This one might be the weirdest case yet.
You know how these repeat TCPA litigators love to waste your time pretending to be interested in your product just to try to set up their lawsuit? Well, here’s a lesson in how you SHOULDN’T respond to it.
So, after a telemarketer figured out that the person he was calling was repeat TCPA litigant (and anti-robocall activist) Diana Mey—and not the sweet little ole lady interest in an alarm system she was pretending to be to set up the lawsuit—he proceeded to verbally abuse her by suggesting she had copulated with a dog the night before.
Yep. With a dog. Using really foul language. Pretty bad stuff.
Again–not the way to handle the situation folks.
Obviously the last person who would let comments like that go–and really no one should– is Diana Mey. She was 100% going to make this guy pay.
But there was a problem.
The caller had never clearly revealed who he worked for before launching on his tirade. So while she (allegedly) received a prerecorded unwanted marketing call to a number on the DNC list AND got roughed up a bit by the caller, she still had a huge problem in proving her case—she didn’t have direct evidence that the caller was an agent of the alarm product being sold on the call.
That’s where Phil Charvat came in.
Phil “you can call me a serial TCPA litigant but please not a professional plaintiff” Charvat just happened to have (allegedly) received the same prerecorded call from the same marketing company on the same day. He was, apparently, able to bypass suspicion a bit longer and got the agent he spoke with to admit they were, in fact, an agent of Monitronics, Intl. the company offering the alarm system for sale.
For reasons totally unrelated to setting up TCPA lawsuits—I am sure—Phil and Diana came to have a chat at some point and each, apparently, learned of the other’s encounter with Monitronics. Relying on Phil’s rendition of his own call with Monitronics, Diana sued the company arguing that its agents must have been responsible for the foul-mouthed encounter she had with the anonymous alarm salesman following the same prerecorded call Phil had received.
Monitronics responded to the suit—as you’d expect—by arguing: i) it wasn’t me; and ii) even if it was me, we definitely didn’t authorize our agents to accuse Diana of laying with canines.
More specifically, Monitronics argued that Charvat’s declaration relied on hearsay—no one knows the rules of evidence anymore it seems—and claimed it cannot be held responsible for deplorable misdeeds by agents it retains merely to annoy people (allegedly) but not to outright abuse them.
The Court was unmoved on both counts. First, the evidence of the Monitronics agent’s statements were not inadmissible because they are not submitted for the proof of the matter but merely to prove agency/control. (That’s probably too fine a line of distinction for most folks, but the rule of 801(d)(2) works just fine as well.) So Mey’s case survives thanks to a declaration from Charvat—proving that there’s more than one way to “manufacture” a lawsuit folks.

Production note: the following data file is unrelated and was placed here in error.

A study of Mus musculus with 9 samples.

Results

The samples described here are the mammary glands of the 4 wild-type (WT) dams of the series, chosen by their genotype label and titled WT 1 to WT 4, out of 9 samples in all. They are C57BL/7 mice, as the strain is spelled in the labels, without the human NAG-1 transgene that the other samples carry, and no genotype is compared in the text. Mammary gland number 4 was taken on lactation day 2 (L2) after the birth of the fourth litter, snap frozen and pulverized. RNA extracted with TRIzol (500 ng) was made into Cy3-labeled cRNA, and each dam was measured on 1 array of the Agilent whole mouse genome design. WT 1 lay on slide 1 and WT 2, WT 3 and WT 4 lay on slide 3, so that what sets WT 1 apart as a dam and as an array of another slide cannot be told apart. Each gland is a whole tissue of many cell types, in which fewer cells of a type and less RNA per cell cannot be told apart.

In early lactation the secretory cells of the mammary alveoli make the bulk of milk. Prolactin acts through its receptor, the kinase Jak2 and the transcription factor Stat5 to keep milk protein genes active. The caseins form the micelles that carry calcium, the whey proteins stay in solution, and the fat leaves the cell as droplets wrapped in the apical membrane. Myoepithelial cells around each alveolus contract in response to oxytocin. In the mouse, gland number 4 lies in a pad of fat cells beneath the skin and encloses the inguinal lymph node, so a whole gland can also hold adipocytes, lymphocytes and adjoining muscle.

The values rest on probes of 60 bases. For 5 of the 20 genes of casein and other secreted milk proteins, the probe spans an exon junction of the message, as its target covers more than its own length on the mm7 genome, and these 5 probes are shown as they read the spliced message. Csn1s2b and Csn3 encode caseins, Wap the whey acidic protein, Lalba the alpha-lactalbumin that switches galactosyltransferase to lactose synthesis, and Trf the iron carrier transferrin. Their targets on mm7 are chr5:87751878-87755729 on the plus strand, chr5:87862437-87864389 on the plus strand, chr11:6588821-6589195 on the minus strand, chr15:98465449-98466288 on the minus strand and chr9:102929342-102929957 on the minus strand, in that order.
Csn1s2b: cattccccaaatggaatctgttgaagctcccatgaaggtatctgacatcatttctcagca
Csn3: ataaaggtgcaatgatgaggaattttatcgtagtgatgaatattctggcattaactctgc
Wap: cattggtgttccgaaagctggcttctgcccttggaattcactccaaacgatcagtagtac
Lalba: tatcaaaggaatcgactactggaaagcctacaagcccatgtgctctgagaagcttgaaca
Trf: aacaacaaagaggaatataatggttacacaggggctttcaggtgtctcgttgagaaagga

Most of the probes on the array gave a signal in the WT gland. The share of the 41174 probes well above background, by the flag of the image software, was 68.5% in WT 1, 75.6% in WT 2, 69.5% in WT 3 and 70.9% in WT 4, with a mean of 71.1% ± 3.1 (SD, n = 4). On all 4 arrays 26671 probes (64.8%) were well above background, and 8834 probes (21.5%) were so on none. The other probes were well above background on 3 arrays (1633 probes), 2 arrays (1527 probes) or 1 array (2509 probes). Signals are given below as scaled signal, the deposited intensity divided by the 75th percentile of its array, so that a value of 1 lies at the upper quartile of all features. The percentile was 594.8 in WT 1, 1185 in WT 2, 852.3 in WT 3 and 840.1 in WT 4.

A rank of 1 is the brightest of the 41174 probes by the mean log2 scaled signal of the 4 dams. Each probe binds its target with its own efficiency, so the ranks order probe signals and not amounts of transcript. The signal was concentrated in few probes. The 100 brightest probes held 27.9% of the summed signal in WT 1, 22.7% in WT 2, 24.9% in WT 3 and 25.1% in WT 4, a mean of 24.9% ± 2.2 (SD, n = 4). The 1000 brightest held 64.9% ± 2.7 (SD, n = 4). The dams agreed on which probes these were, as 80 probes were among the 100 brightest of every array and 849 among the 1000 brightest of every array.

As to Monitronics’ “harass but don’t abuse” defense, the Court found that the agent’s verbal tirade might have been done in an effort to intimidate Mey into not suing his employer. That is, the Court concluded agent might have been acting in a misguided effort to protect Monitronics by saying the most vile things possible to a woman he knew was practically certain to sue his employer for it.
Makes sense to me.
And there you have it folks. Monitronics is headed to trial in a case where its agent (allegedly) abused Mey, based upon a declaration from Charvat and the Court’s assumption that its agent was only trying to protect Monitronics in berating her.
The take aways here are pretty obvious. One—don’t call serial litigants. If you need tips on how to avoid doing so let me know.
Two—train your agents to NEVER abuse people. Yes, we know it can be EXTREMELY annoying when some goofball serial plaintiff feigns interest in your product and wastes your time in an effort to set up a lawsuit. Its not ok. But there are remedies. The right thing to do is—where appropriate—to sue or counterclaim for fraud or or to seek sanctions or other appropriate theory of recovery.
But it is NEVER to mouth off to and/or demean the serial litigant. It never goes well. And even if he/she doesn’t catch you– another member of the wolf pack might.
Stay cool. Stay in business.
Another priceless tip from the Czar.